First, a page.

Provocative traveling film fest returns


Get ready for a new set of thought-provoking films for, by and about women that surely will make you think, laugh and perhaps cry.

The 2020 LUNAFEST national touring film festival makes an afternoon stop on Feb. 22 at Green Valley's Community Performance and Art Center with short, poignant, provocative and humorous films.

This 5th local LUNAFEST, sponsored by the Green Valley American Association of University Women, will showcase seven films, including one about dance therapy that helps survivors of sexual abuse and domestic violence, and a coming-of-middle-age story of a pop singer's journey from hot to not.

“This is a wonderful way for women to get together, a day for fun, and to be educated and enlightened on women's issues,” says Susan Kirk, Green Valley AAUW member and chairwoman of this year's local LUNAFEST.

AAUW is all about equality for women, and the national LUNAFEST event dovetails with AAUW's efforts by championing equal rights for women in filmmaking, she points out.

The event at CPAC begins with the fun raffle that benefits AAUW scholarships for women, along with yummy refreshments, then seven short films featuring women in different situations ranging from comical, serious and animated.

During the past five years, local community awareness of this event has grown and the impact of the films most years relate to Green Valley's demographics, Kirk says. She cites a memorable film about older women forming a volleyball team minus any worries about their age, speed on the court or looks. Another featured a female mechanic who loved tinkering with cars and started her own female-friendly automotive shop that included a place for customer's children to play.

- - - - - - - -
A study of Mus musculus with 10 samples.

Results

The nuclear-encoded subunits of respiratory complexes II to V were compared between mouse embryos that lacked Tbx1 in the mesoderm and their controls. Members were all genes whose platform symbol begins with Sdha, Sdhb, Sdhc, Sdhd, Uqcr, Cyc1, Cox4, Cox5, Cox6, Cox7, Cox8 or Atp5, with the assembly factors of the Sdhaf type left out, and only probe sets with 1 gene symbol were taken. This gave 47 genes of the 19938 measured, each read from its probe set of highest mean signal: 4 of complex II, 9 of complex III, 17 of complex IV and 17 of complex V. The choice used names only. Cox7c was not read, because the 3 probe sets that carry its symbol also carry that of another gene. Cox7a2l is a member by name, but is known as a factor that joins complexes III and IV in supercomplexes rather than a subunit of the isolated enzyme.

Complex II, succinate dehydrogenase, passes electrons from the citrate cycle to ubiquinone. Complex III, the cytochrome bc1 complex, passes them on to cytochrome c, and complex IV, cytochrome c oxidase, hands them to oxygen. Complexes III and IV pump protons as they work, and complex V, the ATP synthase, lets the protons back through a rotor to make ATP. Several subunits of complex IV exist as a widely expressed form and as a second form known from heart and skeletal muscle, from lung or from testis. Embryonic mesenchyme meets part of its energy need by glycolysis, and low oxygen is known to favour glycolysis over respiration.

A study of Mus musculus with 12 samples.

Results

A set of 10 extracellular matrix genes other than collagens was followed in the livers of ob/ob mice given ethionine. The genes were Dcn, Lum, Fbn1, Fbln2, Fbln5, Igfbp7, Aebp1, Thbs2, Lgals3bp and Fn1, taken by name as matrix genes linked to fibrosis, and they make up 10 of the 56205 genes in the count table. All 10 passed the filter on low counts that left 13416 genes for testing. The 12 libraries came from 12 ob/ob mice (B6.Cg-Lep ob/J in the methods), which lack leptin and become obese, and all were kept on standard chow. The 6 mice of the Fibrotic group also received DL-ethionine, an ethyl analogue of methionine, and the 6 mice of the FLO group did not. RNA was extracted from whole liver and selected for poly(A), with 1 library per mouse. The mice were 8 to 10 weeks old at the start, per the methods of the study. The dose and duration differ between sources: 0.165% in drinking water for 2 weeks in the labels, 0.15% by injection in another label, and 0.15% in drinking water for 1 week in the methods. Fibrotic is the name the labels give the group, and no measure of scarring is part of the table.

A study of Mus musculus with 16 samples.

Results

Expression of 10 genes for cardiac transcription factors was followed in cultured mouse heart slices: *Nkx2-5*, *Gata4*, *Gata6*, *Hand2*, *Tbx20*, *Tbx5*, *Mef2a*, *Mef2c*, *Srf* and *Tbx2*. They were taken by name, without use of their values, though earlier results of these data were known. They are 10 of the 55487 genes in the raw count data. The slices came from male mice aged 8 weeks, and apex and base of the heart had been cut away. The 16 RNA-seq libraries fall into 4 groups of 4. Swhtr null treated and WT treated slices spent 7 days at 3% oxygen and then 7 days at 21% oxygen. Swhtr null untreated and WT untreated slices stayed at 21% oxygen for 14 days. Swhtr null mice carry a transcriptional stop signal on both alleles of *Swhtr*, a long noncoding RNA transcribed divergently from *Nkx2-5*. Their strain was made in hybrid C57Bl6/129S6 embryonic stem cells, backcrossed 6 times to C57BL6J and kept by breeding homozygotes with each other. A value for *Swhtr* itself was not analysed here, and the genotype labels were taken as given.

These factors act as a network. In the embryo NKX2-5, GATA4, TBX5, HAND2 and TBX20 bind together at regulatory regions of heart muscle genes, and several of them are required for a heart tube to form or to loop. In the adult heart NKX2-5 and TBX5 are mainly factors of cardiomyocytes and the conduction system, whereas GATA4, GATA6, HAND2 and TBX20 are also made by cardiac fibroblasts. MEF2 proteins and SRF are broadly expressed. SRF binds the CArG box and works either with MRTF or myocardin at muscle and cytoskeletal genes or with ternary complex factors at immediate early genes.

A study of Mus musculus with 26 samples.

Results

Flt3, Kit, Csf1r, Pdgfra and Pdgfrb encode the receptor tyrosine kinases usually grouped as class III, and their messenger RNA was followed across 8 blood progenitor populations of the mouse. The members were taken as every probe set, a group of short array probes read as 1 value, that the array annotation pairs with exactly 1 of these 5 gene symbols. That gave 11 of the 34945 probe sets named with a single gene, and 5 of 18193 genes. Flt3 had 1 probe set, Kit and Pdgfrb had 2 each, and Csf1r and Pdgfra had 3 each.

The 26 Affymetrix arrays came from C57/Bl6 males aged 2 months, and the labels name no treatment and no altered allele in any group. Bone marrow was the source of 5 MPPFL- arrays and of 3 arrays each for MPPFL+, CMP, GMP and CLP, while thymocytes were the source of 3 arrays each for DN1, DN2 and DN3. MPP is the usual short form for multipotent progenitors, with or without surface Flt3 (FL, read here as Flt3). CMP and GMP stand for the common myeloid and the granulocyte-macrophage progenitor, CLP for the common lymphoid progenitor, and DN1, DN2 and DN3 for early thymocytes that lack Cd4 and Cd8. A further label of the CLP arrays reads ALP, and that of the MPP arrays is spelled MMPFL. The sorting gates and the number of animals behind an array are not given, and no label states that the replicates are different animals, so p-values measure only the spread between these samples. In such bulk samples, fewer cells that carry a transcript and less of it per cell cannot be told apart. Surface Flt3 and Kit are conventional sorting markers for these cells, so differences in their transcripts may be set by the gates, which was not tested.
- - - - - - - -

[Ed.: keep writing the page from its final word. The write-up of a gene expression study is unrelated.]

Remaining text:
Green Valley winter visitor and AAUW member Sharon Lyon discovered LUNAFEST at home in Washington state. She finds the Green Valley film festival uplifting and different, and it has become her favorite event of the year.

While geared toward women, men also are welcome to attend, she notes.

Lyon says the films “are often a little edgy” and range from humorous to tear-jerking and are always through-provoking. She cites several unforgettable films, one about a women who dies and is visited by her former husbands and, better yet, her hairdresser. Then there was the heart-wrenching, real-life story of the African schoolgirls stolen by the Boko Haram, the Islamic State's West African Province.

“I like the fact (the films) are from all over,” including Cuba, Iraq, Africa and Asia, Lyon says. “The diversity is important for people to see. It opens your eyes to the plight of women.”

Those who've previously attended the film festival tell Lyon they're definitely “on for next year” for a fun afternoon with good films, eats, schmoozing and perusing the raffle items. Plus, proceeds benefit AAUW's philanthropic fund for women.

Provocative traveling film fest returns

Abigail Kahler, one of the Green Valley AAUW scholarship winners for 2019-20.

Provocative traveling film fest returns

Claudia Coronado, one of AAUW's 2019-2020 scholarship award winners.

The recipients of the Green Valley branch of AAUW's 2019-2020 scholarship awards are Abigail Kahler and Claudia Coronado. Kahler currently is a student at the University of Arizona majoring in hydrology and volunteers in the Net Zero Urban Water Initiative. She has also been accepted to the Arizona-Science Engineering and Math Scholars scholarship program. Coronado, a single mother of four, is working towards an associate of applied science degree in nursing at Pima Community College. The two will be introduced at the local LUNAFEST.

This national traveling film festival began in 2001 in Emeryville, California thanks to the determination of the female owners of LUNA and Clif bars to launch a fundraiser for women's causes and bring opportunities for women filmmakers to “tell stories that need to be told,” says Kit Crawford, founder and co-CEO. “Each year, our unique platform travels to close to 200 cities, raising funds for local women's causes.

“It's about giving women the opportunity to tell their stories and opening the door for filmmakers who might not otherwise be given the chance to show their art,” Crawford points out.